DES MOINES, Iowa — A federal judge in Des Moines has ordered Titan Tire Corp. and Dico Inc., both subsidiaries of Titan International Inc., to pay nearly $11 million in fines to the U.S. Environmental Protection Agency (EPA) for allegedly selling contaminated buildings to avoid cleaning up the site.
The Sept. 5 order by Judge Robert W. Pratt was the latest event in a case the U.S. Justice Department filed seven years ago on behalf of the EPA.
The government accuses Titan and Dico of failing to clean up polychlorinated biphenyls (PCBs) and other contaminants at the former Dico site in Des Moines, a charge Titan International says is false.
According to the order, Titan Tire on behalf of Dico entered into three contracts in May 2007 to sell three buildings to Southern Iowa Mechanical L.L.C. (SIM).
The buildings were on a Superfund site owned by Dico and identified as contaminated by the EPA in 1994, according to court documents. PCBs were the main toxic substances at the site.
Maurice "Morry" Taylor Jr., who at the time was president and CEO of Titan International, authorized William Campbell, then-president and now chairman of Titan Tire, to make the sale, according to the conclusions of law submitted to the Iowa court by the Justice Department.
Between June and November 2007, SIM dismantled and removed the buildings, according to the Justice Department. The EPA discovered the dismantling procedure in progress in September 2007, the Justice Department said.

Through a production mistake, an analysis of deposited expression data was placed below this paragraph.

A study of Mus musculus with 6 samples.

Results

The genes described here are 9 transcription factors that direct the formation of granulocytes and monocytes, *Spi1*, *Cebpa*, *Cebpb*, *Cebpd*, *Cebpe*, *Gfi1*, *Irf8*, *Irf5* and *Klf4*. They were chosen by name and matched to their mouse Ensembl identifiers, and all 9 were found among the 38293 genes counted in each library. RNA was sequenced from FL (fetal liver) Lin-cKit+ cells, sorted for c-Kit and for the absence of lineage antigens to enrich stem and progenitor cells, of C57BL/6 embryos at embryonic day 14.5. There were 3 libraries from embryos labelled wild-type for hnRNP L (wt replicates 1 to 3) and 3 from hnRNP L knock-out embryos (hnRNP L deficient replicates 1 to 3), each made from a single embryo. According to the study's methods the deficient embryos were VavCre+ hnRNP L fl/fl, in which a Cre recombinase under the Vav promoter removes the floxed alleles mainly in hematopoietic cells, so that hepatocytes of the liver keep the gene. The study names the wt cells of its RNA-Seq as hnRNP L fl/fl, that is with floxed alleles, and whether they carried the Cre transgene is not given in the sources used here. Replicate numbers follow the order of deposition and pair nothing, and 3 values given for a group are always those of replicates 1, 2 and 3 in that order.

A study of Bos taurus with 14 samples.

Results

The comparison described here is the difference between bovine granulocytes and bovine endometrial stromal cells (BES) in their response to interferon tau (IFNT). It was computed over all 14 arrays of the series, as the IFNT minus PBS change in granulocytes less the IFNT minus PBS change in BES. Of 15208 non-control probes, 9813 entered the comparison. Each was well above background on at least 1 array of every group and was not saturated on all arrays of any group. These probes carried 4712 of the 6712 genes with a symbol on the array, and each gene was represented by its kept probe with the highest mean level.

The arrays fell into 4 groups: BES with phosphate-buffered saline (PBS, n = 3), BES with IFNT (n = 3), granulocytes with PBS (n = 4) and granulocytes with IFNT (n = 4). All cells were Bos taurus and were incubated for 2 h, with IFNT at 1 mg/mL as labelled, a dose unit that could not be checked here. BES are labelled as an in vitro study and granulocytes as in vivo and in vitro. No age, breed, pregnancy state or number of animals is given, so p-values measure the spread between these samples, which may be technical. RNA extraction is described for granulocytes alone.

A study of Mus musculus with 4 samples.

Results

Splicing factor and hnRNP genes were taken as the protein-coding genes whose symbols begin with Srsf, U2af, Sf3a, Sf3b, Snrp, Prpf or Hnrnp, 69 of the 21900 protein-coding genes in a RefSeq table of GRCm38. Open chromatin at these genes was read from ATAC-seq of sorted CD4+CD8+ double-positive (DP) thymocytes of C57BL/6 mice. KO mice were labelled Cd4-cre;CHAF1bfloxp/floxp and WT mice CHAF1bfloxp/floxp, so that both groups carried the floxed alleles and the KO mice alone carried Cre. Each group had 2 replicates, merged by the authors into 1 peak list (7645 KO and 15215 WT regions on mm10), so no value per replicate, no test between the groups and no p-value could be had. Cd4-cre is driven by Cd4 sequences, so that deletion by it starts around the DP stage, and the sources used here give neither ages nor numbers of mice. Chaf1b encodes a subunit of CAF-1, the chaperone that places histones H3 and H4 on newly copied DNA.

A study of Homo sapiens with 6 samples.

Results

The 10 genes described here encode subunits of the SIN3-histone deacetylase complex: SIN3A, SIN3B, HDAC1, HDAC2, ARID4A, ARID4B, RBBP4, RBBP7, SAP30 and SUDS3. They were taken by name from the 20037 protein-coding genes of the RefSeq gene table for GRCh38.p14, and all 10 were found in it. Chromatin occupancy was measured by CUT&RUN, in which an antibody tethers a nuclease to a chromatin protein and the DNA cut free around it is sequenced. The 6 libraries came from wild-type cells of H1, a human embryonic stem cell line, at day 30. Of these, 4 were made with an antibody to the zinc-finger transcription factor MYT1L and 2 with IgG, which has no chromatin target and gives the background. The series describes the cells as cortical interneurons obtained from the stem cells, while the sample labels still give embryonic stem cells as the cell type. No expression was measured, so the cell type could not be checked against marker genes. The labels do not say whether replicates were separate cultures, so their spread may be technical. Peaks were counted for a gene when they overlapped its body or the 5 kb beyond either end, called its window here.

In his order, Mr. Pratt said that Titan made no effort to advertise the buildings for sale, seek the highest price or have the buildings appraised.
Nevertheless, Dico enjoyed significant financial gain through the May 2007 transactions, according to Mr. Pratt. Because of the removal of the contaminated buildings, the value of the Dico property increased by $720,000, he said.
"On balance, the court concludes the additional facts identified by the parties as suggestive as to what defendants intended when they entered into the 2007 transactions, taken together, weigh clearly in favor of concluding defendants intended to dispose of a hazardous substance when they sold the contaminated buildings to SIM," Pratt wrote in his order.
According to Mr. Pratt, the EPA incurred $5.45 million in response costs and interest because of Titan and Dico's actions. He found both companies joint and severally liable for repaying those costs. He also imposed $5.45 million in punitive damages.
Titan officials could not be reached for comment on the decision or on an appeal. However, Mr. Taylor commented in February 2014 than an earlier decision in the case — a fine of nearly $3.1 million for allegedly tearing down contaminated buildings — was "a big joke."
Only about a teaspoonful of PCBs was ever found on the site, Mr. Taylor said at the time.
"There are some judges who just assume that if the government says something, it must be right," he said.